Will the UK Deport Brenda Namigadde to Uganda Where She Faces Prison for Being a Lesbian?

By Michael A. Jones -

It's no secret that Uganda is one of the harshest countries in the world for LGBT people, with their legislature still debating a bill that would criminalize homosexuality with the death penalty or life in prison. One Member of Parliament behind the bill, David Bahati, even brags about how his country should keep LGBT people out of sight, and wants countries around the world to send LGBT Ugandans back to Uganda, where they can be locked up for good.
Looks like Theresa May, the Equality Minister in the UK, is in lockstep with Bahati. As notes -- as well as LGBT Asylum News, Lez Get Real, and TIGRO -- a lesbian in the UK faces being deported to Uganda, despite the fact that she faces almost certain prison time solely for her sexual orientation in the country. And Theresa May seems totally OK with that.
"Uganda-born student, Brenda Namigadde, 29, is currently detained in Yarl's Wood immigration removal center and has a removal order for this Friday, 28 January. Asylum has been refused on grounds she is not believed to be lesbian and she has been placed in fast track. A fresh claim for asylum with new evidence was put in yesterday," writes Paul Canning at LGBT Asylum News.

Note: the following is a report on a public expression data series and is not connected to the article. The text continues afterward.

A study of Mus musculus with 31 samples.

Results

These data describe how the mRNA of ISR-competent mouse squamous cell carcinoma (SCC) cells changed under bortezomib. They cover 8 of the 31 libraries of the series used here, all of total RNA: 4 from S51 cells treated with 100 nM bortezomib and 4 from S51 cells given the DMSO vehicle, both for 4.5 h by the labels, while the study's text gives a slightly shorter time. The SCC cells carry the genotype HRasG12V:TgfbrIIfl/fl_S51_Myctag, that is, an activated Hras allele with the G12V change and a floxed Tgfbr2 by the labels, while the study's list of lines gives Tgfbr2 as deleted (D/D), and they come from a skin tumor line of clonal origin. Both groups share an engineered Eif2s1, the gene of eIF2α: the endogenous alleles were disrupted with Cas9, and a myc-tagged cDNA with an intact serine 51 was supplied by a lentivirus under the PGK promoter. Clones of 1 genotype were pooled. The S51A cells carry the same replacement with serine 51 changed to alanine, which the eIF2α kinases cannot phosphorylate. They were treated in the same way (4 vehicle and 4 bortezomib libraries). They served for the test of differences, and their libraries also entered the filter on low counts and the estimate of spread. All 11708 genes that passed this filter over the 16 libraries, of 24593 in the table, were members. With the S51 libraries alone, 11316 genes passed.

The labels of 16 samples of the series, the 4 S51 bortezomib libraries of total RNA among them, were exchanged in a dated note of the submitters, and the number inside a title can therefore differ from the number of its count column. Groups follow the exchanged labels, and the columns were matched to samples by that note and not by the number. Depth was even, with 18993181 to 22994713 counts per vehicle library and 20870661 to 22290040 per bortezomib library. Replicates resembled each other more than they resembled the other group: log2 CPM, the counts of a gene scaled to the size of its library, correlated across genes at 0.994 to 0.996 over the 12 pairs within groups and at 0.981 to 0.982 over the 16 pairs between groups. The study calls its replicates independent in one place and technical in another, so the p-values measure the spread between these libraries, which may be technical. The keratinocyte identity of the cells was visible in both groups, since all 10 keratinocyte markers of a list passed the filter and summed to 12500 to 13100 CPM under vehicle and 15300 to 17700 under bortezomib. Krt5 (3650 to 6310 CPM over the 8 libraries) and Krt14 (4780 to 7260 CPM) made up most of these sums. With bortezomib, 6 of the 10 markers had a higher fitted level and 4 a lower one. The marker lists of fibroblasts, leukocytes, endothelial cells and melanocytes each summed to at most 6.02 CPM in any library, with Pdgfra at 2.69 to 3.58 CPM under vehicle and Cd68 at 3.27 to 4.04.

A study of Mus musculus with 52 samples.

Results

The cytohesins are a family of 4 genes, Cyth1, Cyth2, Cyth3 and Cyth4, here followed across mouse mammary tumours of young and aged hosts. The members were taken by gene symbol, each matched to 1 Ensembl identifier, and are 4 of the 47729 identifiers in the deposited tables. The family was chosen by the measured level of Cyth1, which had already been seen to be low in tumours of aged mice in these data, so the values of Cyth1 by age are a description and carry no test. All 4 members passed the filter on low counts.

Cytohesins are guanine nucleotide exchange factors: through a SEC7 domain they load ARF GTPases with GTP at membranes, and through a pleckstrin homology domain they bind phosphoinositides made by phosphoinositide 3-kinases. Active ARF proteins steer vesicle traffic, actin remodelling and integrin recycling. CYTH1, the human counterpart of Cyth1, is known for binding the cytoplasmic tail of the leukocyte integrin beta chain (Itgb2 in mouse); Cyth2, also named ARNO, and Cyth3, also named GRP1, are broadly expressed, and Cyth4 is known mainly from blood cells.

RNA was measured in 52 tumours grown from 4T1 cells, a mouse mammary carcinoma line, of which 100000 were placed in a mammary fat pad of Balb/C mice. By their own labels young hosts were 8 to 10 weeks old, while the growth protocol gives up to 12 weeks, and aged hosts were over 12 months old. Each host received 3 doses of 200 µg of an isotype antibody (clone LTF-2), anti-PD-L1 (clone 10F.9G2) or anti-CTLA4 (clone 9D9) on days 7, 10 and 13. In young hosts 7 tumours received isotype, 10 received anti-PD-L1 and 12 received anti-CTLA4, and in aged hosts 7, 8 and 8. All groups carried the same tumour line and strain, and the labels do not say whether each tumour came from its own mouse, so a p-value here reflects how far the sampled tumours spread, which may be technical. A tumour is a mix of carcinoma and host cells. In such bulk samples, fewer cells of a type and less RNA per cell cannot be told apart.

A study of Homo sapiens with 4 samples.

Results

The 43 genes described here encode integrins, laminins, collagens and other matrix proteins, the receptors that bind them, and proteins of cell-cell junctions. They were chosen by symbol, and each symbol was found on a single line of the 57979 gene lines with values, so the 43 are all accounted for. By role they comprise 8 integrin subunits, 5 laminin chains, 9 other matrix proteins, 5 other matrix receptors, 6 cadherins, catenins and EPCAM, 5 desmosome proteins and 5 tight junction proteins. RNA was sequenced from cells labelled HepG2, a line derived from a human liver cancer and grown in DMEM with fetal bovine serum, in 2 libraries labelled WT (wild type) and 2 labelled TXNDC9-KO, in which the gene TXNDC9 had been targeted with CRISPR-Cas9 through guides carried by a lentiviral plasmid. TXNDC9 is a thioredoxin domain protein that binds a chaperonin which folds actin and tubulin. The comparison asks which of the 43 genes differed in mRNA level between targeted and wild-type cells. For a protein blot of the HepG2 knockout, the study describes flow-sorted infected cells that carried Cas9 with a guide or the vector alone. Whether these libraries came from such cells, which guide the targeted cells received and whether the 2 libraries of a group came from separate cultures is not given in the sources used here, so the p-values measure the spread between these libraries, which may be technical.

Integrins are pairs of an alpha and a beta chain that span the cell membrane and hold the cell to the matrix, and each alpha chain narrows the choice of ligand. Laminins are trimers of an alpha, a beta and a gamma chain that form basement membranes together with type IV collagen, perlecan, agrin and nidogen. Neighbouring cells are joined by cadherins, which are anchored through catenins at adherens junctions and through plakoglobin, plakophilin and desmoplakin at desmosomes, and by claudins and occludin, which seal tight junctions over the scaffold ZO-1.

Interesting that the UK government doesn't believe Namigadde is actually a lesbian. Why's that? Because David Bahati has taken a grand interest in Namigadde's case, and really wants her deported back to Uganda where she can face punishment.
As Lez Get Real's Melanie Nathan notes in a post that went up last night, where she recounts a conversation she had with Bahati: "He told me that Brenda should stop bad mouthing Uganda; that she would be welcome back to Uganda if she renounced her homosexuality and if she 'repented.' I asked him if he based this ideal upon religious beliefs and he said 'yes' that he did. I asked what if Brenda did not have the same belief as he did?  I asked what if she did not believe that she could repent?  He affirmed then she would be tried as a criminal."
So Bahati is basically admitting that Namigadde, if she's sent back to Uganda, will have to repent her homosexuality, or face a criminal trial. And Theresa May isn't persuaded by this?
Cue the folks at, a new international group working for LGBT equality. They've got an online letter that folks can sign onto, calling on Theresa May to review Namigadde's case, and offer her asylum in the UK.
"With Ugandan politician and author of the notorious 'Kill the Gays' legislation taking an interest in her case, Brenda faces clear and present danger if she’s forced to return," the organizers at AllOut write. That's why they want Namigadde's scheduled deportation to be halted, and their calling on Theresa May to exercise her authority and do just that.
Will she? May hasn't racked up the cleanest record on LGBT equality. This week alone she's been criticized for welcoming the appointment of a doctor who believes in ex-gay therapy to sit on a government board. And now the case of Namigadde.

Head on over to and lend your name to their letter. This is a campaign we can win and must win.